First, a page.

Professor David Lyon named to UK academy
By Anne Craig, Communications Officer
Queen’s University professor David Lyon (Sociology) was recently inducted as an academician into the Academy of Social Sciences (AcSS) in the United Kingdom. This year the learned society named 51 academics and practitioners – Dr. Lyon was the only Canadian.
Being named an academician means a peer group has reviewed the impact of the nominee within the social sciences and found it worthy of the honour.
“I extend my most sincere congratulations to Professor Lyon on this significant honour,” says Daniel Woolf, Principal and Vice-Chancellor. “This award is a further example of the recognition that his surveillance studies have garnered internationally.”
Surveillance Studies has been Dr. Lyon’s major research for 20 years. His interests include border and airport controls, social media, video camera surveillance and identification systems.
“Having participated in collaborative international research for over two decades, it's gratifying to be recognized for one’s contributions by peer groups well beyond Canada,” says Dr. Lyon. “I believe strongly that we have to learn from each other, especially in fast-changing fields like personal information handling, big data, and surveillance by government and corporate bodies. And although I came to Queen's from the UK many years ago, all the British colleagues with whom I now work are ones whom I have met since being here. They think of me as a Canadian professor.”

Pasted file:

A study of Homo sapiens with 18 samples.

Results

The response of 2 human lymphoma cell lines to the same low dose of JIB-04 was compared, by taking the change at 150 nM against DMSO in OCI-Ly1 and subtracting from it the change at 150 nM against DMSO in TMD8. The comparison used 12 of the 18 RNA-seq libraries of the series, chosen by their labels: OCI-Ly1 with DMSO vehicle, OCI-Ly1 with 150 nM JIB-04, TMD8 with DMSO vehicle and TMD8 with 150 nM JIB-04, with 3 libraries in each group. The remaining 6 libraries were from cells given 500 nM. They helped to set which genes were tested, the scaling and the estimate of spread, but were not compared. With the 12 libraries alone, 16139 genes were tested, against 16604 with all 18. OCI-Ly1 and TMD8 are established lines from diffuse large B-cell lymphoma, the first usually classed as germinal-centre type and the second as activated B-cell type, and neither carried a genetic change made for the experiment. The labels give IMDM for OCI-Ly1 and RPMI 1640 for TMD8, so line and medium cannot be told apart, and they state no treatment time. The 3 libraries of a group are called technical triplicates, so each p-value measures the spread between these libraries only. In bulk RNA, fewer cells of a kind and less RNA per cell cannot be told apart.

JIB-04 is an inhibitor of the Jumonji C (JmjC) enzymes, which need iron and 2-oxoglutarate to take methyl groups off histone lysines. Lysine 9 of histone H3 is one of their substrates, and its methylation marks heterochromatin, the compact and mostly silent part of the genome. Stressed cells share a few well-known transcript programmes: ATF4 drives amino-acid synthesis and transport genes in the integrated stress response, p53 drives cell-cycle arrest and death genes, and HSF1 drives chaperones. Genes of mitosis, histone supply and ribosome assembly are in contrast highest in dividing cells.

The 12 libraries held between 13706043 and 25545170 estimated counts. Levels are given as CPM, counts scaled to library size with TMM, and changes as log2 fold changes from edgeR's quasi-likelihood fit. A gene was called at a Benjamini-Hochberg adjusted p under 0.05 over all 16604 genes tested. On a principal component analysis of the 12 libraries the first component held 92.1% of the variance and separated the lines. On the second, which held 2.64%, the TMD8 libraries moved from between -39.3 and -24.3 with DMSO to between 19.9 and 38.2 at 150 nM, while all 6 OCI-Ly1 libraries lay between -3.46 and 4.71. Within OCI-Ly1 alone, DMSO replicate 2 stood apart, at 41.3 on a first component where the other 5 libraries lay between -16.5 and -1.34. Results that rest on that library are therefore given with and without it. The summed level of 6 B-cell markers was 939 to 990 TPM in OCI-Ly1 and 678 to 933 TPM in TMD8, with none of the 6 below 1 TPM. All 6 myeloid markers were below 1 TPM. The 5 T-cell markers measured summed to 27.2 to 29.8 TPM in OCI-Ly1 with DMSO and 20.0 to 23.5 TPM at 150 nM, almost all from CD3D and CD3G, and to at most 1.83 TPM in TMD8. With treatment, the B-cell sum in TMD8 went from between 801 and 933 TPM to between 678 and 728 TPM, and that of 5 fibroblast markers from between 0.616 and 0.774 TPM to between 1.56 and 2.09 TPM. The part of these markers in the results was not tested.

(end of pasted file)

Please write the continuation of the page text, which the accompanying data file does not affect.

Academicians can earn the honour after contributing more to the social sciences than typically comes with the demands of their job. This contribution can be in the area of thought leadership, practitioner applications or policy development.
Professor Lyon is the Director of the Surveillance Studies Centre and is a past Canada Council Killam Research Fellow. In 2005 he was awarded a Queen’s research Chair and in 2008 was elected a fellow of the Royal Society of Canada. He has received the Lifetime Achievement Award from the American Sociological Association communication and information technology section, and an outstanding achievement award from the Canadian Sociological Association.